Robin is one of the most original thinkers of our time. I’ll borrow a description from Bryan Caplan, who I think described him best:
When the typical economist tells me about his latest research, my standard reaction is “Eh, maybe.” Then I forget about it. When Robin Hanson tells me about his latest research, my standard reaction is “No way! Impossible!” Then I think about it for years.
Some time ago, Robin thought he had uncovered some ways to make the world a better place. He expected people to either agree or disagree. Instead he got indifference. How could that be? Does nobody care?
This led Robin to becoming an economist and, eventually, an answer: we aren’t motivated the way we say we are or think we should be. We do care, we just care more about other stuff. Stuff we don’t talk about. Those hidden motives are the subject of Robin’s new book (authored with Kevin Simler), The Elephant in the Brain.
From our conversation, some favorite excepts of mine:
Robin Hanson: Human behavior is consistently well adapted to its ancient environment. We are intelligent and clever about why we’re doing things. But then we have these conscious thoughts. We think we have a plan and follow that plan. But we mostly make conscious rationalizations for things we do. Most of the elephant in the brain is at this conscious level. The level of the reasons we tell ourselves we are doing this. And those reasons are just wrong compared to the reasons we actually have.
We are actually good at following the actual reasons we have, but the disconnect is when we try to explain it.
Robin Hanson: Once farming became possible, it was only possible because of human cultural plasticity. If we had just kept the same sort of norms and behaviors we had as foragers we would still be acting a lot like animals.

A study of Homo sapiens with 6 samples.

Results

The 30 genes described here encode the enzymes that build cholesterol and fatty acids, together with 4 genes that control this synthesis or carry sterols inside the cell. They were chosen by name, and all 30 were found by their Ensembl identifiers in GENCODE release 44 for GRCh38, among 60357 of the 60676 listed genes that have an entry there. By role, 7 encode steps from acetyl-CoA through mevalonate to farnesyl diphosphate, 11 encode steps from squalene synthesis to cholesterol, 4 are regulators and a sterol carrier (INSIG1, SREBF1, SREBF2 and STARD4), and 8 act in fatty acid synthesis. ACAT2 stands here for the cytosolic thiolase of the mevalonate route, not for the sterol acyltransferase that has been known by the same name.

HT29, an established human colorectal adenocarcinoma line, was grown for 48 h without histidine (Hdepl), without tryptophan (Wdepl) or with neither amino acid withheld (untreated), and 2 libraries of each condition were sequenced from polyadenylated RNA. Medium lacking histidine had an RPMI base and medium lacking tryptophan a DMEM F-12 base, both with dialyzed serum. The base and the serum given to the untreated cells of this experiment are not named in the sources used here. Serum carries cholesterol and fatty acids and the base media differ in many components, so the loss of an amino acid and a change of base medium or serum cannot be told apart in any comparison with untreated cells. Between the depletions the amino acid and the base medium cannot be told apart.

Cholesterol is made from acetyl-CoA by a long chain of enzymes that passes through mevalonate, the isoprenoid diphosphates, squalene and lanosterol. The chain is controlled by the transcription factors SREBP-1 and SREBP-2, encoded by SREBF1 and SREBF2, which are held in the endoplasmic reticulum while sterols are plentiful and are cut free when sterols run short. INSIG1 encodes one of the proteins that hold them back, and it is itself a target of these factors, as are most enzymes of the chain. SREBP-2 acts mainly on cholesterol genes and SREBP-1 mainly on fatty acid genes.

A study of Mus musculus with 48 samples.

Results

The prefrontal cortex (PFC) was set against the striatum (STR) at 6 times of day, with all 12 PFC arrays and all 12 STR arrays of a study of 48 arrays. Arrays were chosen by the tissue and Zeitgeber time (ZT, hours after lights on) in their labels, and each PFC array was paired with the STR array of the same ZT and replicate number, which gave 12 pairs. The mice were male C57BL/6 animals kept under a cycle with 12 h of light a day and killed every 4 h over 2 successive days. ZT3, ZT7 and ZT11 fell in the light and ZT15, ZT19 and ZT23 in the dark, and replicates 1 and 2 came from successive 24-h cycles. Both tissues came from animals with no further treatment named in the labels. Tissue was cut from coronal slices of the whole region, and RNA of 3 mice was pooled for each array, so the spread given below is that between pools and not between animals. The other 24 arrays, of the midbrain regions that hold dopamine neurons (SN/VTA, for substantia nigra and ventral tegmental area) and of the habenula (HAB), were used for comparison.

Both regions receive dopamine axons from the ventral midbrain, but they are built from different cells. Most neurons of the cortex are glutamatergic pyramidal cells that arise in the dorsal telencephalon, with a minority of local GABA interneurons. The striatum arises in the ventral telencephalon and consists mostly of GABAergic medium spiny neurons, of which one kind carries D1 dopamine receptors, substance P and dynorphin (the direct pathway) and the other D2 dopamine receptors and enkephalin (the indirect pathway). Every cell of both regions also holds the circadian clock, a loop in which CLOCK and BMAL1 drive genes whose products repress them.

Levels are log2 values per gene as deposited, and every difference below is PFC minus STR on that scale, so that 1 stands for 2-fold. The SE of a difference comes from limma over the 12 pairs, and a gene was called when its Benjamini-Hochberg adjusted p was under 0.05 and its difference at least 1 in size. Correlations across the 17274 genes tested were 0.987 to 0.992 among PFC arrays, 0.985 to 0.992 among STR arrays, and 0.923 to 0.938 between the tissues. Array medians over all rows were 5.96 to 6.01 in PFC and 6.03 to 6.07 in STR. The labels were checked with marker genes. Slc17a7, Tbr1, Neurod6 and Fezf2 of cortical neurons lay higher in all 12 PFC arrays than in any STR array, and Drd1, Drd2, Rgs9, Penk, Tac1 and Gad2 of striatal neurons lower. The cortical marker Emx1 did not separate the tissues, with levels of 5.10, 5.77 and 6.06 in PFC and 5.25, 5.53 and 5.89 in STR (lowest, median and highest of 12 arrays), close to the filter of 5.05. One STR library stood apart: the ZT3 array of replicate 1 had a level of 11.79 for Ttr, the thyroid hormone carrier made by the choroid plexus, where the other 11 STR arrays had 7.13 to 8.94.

With our cultural plasticity we could create new norms. There was a new set of behavior that was the right behavior and a new set of things that were the wrong sort of norm violating behavior. It took a while but the farming world was able to come up with a whole new set of norms and values and enforce those and that allowed us to live and work in a very different world. Intead of wandering around we stayed in one place. Instead of egalitarianly sharing we had property and inequality. Instead of intermittent violence and mostly peace we had war and a lot of it. And we had so many things that were different than what foragers did.
Robin Hanson: Lately wealth has been dramatically increasing per person and that’s the other big trend over the last few centuries and that’s been causing most of the cultural trends you see. So humans are primed to act differently when they’re rich than when they’re poor. That’s an explantion for why we have increased leisure, art, travel, decreased violence, increased democracy, decreased fertility, decreased religion.
David Wright: Is it the case that foragers, then, are in some ways wealthy?
Robin Hanson: Anthropologists called them the original affluent society. They’re affluent in some ways but not others. They don’t have a lot of material wealth but they have a lot of friendship, play, dance, music. They’re living in a world where when they do something that feels right it roughly works.
…We’re being rich like that in our leisure time but at work we’re hyper farmers.